A point of departure is a starting point, the point where things begin to become something else. The point of departure implies a passage will follow, through both time and space, but more importantly a passage of change.
The imaginative process is one of distortion. To take an object for what it is requires only recognition. But to take that same object and transform it into something new demands the deconstruction of that object. As Bachelard states in his essay The poetry of air, “we always think of the imagination as a faculty that forms images, on the contrary, it deforms what we perceive: it is, above all, the faculty that frees us from immediate images and changes them… if the image that is present does not make us think of one that is absent then there is no imagination.”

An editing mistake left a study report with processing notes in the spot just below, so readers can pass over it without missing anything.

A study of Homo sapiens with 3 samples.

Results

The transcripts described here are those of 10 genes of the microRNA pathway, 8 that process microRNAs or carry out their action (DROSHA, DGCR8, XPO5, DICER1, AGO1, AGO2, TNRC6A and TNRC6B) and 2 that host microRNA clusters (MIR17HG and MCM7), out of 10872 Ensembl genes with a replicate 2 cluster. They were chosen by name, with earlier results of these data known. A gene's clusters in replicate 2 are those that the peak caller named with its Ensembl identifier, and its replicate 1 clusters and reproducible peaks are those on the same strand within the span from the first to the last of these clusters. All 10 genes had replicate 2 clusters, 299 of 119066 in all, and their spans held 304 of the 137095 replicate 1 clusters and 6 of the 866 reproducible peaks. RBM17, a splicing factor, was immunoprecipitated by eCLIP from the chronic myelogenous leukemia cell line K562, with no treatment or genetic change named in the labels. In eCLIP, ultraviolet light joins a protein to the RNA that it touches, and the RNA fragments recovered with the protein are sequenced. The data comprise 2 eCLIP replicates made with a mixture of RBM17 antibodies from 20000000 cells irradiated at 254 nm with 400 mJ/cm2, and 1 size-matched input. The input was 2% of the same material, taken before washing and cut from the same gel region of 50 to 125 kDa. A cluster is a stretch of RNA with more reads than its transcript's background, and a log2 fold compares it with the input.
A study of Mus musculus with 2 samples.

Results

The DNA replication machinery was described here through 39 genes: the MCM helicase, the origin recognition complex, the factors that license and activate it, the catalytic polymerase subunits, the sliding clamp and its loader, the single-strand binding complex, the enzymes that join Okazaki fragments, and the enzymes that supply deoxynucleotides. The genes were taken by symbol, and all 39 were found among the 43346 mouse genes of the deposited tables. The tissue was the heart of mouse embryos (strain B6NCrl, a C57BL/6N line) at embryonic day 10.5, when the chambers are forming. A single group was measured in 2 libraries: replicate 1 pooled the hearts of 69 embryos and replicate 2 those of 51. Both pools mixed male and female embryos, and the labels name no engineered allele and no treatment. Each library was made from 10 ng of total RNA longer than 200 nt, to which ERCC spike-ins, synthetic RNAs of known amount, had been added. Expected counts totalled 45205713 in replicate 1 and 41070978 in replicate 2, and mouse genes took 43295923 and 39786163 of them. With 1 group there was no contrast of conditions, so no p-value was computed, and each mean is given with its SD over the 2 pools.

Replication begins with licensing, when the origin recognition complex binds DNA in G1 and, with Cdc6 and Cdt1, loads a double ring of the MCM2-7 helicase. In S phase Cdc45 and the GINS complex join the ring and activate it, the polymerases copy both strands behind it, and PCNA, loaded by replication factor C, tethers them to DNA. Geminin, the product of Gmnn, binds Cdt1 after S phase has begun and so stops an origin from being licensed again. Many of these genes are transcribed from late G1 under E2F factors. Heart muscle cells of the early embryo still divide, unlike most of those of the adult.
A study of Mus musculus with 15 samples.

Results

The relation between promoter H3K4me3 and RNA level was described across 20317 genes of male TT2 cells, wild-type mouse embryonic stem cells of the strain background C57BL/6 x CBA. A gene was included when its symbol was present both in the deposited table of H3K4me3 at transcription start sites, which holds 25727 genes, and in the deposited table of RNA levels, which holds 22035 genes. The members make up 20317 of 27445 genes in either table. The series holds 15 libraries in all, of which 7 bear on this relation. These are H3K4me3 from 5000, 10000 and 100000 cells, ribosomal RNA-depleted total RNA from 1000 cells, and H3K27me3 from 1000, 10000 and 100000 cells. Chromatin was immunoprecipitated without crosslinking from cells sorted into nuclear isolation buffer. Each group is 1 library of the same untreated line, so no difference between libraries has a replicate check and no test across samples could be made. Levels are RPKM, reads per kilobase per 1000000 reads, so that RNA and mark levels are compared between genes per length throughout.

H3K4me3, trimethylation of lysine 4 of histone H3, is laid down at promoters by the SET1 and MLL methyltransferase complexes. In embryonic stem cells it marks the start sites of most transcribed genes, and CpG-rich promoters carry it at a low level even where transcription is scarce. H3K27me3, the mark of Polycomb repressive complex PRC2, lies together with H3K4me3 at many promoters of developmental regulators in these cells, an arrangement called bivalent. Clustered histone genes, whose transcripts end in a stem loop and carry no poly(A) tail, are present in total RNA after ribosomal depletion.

Our memories too are distortions of past events, filtered by our perception, our assumptions, our point of view, filtered by time and state of mind. Each time we call on a memory we do, in fact, re-construct the event. We could therefore say that remembering is in fact a form of creating.
The process employed in all the works in this show is to begin with a solid point and to strip it of its context, transform its structure and then present it as an abstraction of its former self. All the works in Points of Departure imply voyage of some sort, be that actual travel, mental abstraction, nostalgic reverie, thematic evolution or imaginative flëneurie.
Within each work we witness light in passage. Through the simple device of projecting through various containers holding transparent mediums the concern is focused on light in the process of displacement as opposed to light falling upon a surface.
Light travels in straight lines. When moving between mediums of differing densities it can change direction and speed. It will also slow down, even if only by the slightest amount. Therefore we could say that every time we look at the world through glass we are in fact seeing the past.